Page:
New findings by National Human Genome Institute (NHGRI) researchers have provided insight into why some patients recover from childhood attention deficit hyperactivity disorder (ADHD), while others have symptoms that persist into adulthood. The study was published in The Proceedings of the National Academy of Science.
The team found that adults with persistent symptoms of ADHD had partially lost the typical balance of connections between brain networks responsible for daydreaming or introspection and networks that control action. This imbalance is thought to be responsible for the hallmark lapses of attention in ADHD. However, adults who had “outgrown” ADHD showed balanced brain activity.
In approximately 20% to 30% of people with ADHD, the full syndrome persists as young adults, while about 50% have partial remission.
"We hope to understand the mechanisms that explain why some people outgrow ADHD and others do not," said Philip Shaw, BMBCh, PhD, senior author of the study and an investigator in NHGRI's Social and Behavioral Research Branch. "If we can understand why some people can recover from ADHD, we also might be able to apply this knowledge to other neuro-developmental conditions like learning disabilities or problems with social interaction."
Investigators analyzed brain function in 205 adult participants—101 received a diagnosis of ADHD in childhood, and 104 had not had ADHD.
Changes in the brain's oxygen levels allowed functional MRI to isolate the location of brain networks. The different levels of neuronal activity were examined by looking at the brain's magnetic fields using magnetoencephalography.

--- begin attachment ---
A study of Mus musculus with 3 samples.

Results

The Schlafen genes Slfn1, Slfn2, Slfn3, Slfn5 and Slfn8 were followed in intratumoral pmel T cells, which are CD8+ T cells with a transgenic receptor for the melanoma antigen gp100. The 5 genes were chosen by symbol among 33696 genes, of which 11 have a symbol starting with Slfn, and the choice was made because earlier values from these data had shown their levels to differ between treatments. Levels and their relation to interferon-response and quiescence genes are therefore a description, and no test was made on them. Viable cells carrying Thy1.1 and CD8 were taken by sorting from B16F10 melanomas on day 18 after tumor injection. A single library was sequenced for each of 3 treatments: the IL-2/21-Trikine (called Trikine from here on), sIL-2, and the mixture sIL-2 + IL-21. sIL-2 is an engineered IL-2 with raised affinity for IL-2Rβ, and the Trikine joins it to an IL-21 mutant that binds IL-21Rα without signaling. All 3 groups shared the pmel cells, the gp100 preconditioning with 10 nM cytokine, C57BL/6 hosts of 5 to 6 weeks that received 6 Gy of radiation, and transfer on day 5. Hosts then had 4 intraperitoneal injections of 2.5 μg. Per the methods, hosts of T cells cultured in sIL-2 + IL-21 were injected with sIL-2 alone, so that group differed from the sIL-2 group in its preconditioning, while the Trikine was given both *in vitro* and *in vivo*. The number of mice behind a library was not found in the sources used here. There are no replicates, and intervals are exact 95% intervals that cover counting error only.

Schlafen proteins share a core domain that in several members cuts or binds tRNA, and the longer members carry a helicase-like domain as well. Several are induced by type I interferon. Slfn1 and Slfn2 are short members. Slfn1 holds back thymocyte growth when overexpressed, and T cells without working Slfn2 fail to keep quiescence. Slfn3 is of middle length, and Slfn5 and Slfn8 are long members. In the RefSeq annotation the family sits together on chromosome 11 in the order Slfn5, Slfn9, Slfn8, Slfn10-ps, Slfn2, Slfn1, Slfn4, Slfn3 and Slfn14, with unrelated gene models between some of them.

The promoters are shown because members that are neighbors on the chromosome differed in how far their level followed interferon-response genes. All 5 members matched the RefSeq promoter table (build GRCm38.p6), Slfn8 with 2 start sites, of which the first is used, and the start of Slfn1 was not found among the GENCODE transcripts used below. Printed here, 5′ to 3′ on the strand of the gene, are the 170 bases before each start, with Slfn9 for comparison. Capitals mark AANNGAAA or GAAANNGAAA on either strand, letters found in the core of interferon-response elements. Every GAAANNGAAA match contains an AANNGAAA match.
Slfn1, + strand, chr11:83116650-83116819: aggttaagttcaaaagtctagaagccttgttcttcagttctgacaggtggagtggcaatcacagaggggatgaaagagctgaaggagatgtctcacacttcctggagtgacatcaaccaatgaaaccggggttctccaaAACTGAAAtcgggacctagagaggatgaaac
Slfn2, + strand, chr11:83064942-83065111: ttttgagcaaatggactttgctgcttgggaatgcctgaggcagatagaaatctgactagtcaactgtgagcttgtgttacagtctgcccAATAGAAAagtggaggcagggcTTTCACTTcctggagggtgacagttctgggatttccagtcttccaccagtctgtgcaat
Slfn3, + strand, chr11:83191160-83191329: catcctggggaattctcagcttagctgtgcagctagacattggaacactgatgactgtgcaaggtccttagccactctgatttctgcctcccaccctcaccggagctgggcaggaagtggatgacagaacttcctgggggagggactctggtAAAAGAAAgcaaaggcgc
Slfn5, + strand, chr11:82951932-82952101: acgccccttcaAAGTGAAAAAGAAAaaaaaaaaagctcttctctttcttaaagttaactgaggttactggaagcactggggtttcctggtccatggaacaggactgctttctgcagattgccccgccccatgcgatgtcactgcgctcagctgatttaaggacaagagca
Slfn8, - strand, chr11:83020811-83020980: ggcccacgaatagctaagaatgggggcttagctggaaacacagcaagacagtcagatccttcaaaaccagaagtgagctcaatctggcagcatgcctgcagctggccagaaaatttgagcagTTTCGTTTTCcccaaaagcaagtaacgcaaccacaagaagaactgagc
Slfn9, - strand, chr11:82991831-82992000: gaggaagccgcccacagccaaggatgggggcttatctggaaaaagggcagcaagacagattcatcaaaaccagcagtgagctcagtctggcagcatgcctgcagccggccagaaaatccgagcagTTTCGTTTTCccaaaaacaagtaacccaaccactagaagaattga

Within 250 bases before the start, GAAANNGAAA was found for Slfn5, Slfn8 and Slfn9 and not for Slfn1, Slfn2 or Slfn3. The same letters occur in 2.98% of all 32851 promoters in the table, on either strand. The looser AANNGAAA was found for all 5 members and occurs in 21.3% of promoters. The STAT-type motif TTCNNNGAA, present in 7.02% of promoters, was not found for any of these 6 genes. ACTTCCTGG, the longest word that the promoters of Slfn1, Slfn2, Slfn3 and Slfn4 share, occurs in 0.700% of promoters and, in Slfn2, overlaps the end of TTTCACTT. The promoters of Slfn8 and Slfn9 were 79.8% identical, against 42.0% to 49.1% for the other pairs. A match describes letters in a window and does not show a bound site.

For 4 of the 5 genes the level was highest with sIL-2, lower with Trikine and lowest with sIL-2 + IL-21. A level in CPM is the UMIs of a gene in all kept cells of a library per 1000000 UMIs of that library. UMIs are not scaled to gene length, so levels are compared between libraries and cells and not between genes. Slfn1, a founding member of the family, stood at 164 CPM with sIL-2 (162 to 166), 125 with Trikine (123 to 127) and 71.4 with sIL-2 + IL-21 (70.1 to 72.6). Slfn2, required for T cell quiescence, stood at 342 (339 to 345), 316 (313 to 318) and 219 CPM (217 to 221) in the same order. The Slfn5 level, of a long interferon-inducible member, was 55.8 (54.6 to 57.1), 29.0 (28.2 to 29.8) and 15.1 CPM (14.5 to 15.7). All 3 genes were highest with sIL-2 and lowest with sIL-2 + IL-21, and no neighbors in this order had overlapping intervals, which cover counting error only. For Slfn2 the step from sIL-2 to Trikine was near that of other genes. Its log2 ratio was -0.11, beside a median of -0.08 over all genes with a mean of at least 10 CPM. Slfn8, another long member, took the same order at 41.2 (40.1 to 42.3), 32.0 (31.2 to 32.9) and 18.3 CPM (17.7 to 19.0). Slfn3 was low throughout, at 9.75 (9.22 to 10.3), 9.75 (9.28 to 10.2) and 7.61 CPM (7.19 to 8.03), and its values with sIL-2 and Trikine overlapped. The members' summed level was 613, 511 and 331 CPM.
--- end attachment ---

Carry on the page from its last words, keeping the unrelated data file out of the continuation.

Results showed that adults who had persistent inattentive symptoms from childhood lost the usual balance of connections between the “online” and “offline” brain networks, regardless of the type of brain imaging used. The loss was noted particularly in a network that is prominent in an introspective state, but that is switched off when a person is engaged in tasks.
This balance was partially lost in the adults with persistent inattention. In contrast, these connections were similar in patients who outgrew ADHD and in those who had never had ADHD. This result supports the theory that a childhood disruption to brain function corrects itself by adulthood among individuals who recover from ADHD.
"Most adults have a balance between the online, task-oriented brain and the offline, day-dreaming brain, but we found that's not the case for adults whose ADHD persists," said Gustavo Sudre, PhD, study co-author and postdoctoral research fellow in Dr. Shaw's lab. "We found that adults who recovered from ADHD had a very similar balance of online and offline brains to those who never had ADHD."